Prepared in case of emergency
If a tsunami, earthquake or other civil emergency struck, most people would be winging it, but members of the Mormon church are ready for anything.
Approached in Browns Bay, Jill Cornthwaite, said she hadn’t really thought about where to go if she had to leave, but her kit included water, batteries and food. Katie Voelkening also had an emergency kit but didn’t have food set aside, while David Raubenheimer said, ‘‘I’ve got a cupboard with stuff in it, how long it would last I don’t know.’’
But one couple, Glen and Debbie Reid say they could last almost 200 meals away from home in case of emergency.
The couple said they would confidently be able to leave their Torbay home at a moment’s notice, if required.
As members of The Church of Jesus Christ of Latter-day Saints, they are encouraged to be prepared for adversity through food storage and an emergency plan.
So, they have several prepacked buckets from emergency food company, The Wise Company, as well as emergency essentials such as a radio, torch, rain poncho, gas cooker and fishing line.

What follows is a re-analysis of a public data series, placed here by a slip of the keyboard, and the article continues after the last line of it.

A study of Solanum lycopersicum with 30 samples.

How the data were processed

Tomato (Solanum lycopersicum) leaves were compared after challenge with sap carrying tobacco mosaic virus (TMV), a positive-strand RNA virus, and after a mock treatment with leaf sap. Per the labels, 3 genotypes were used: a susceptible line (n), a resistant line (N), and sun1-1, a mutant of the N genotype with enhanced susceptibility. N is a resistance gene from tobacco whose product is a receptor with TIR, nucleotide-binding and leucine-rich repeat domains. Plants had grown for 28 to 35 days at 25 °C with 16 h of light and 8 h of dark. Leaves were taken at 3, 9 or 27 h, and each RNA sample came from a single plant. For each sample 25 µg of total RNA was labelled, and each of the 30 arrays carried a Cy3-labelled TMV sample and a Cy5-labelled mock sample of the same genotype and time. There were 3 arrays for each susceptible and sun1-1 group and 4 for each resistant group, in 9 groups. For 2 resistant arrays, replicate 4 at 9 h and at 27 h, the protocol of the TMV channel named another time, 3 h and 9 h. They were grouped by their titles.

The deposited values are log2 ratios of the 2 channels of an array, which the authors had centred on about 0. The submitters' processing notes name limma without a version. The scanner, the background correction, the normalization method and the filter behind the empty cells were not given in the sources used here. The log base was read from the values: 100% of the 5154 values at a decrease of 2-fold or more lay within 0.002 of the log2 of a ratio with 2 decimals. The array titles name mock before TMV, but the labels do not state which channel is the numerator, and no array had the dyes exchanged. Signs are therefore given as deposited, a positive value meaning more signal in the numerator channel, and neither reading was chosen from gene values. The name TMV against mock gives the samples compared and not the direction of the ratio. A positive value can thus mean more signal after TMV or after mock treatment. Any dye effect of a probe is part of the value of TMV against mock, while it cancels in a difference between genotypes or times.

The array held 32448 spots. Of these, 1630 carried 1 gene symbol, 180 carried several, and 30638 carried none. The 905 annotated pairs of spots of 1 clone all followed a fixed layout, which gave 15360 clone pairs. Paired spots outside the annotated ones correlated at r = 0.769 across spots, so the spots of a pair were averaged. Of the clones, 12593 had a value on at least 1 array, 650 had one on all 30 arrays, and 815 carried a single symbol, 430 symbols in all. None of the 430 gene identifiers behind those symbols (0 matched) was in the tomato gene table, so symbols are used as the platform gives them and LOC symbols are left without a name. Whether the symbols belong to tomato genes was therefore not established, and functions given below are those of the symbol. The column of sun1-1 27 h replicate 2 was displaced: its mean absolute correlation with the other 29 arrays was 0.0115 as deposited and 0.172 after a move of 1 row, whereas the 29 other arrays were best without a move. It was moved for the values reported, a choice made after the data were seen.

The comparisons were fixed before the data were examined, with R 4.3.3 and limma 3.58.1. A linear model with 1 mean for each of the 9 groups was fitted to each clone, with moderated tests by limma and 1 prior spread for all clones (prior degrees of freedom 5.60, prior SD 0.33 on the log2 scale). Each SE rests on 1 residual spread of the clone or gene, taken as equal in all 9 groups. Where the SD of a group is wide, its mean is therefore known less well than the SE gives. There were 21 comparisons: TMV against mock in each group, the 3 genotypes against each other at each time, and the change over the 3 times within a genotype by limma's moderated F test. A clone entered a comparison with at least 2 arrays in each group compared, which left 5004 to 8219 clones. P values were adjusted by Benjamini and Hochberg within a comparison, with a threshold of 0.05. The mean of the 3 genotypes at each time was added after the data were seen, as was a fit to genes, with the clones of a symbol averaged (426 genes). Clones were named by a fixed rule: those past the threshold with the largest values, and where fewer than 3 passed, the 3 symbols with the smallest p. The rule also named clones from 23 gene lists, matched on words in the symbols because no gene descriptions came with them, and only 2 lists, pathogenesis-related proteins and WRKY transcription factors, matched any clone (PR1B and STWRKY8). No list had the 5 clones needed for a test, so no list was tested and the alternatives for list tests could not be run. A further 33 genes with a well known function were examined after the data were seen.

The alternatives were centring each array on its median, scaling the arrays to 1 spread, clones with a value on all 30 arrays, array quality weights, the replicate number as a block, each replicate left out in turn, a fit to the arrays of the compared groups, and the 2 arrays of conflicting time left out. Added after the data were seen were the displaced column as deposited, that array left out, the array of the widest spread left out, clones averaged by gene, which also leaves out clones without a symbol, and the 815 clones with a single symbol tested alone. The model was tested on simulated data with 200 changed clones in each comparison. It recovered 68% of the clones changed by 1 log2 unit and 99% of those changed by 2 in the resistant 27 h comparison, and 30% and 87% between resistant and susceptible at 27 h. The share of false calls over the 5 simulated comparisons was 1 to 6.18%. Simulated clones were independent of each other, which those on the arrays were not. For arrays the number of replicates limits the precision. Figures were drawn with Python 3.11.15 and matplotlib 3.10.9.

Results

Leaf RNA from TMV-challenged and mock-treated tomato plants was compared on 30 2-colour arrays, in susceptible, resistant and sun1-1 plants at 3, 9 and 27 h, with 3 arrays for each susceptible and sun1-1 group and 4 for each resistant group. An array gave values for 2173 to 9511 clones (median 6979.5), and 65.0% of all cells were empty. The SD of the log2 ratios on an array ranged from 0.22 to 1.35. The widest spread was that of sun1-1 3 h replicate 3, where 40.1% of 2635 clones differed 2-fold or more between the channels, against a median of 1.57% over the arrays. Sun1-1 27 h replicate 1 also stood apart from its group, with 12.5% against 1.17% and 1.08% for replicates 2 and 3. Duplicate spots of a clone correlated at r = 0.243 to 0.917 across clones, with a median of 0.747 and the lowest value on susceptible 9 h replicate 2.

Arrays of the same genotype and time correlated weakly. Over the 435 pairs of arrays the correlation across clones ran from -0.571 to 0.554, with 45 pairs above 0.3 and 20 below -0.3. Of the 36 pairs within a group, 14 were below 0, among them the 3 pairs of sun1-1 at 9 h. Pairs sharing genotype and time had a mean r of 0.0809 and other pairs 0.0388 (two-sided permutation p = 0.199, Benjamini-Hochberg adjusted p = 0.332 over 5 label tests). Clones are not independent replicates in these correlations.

‘‘If there was an emergency of say, move out of the area and grab what you can, we can pick up about three or four buckets with contents in them,’’ Glen said.
But Glen said the pack wasn’t just in case of emergency.
‘‘If a friend of a friend had a hard time and might need some help, we’re encouraged to help others as well, not just to store it.’’
Auckland Council’s head of resilience and welfare Ani Brunet said, in an emergency, Auckland Emergency Management would broadcast messages via radio.
If required, the council would open civil defence centres but generally advises people to stay at home if it is safe to do so.
‘‘The most important thing is to have thought about how you and your family would connect during an emergency because they can happen any time,’’ Brunet said.
Brunet encouraged people to visit aucklandcivildefence.org.nz or happens.nz for more.
Director of Auckland emergency management John Dragicevich said, in an emergency, tsunami sirens would sound, but people could also subscribe to text message or email alerts, the Red Cross Hazard smartphone app or keep in the loop via Twitter and Facebook.
Glen and Debbie Reid are well prepared in case of emergency with more than 100 meals on hand.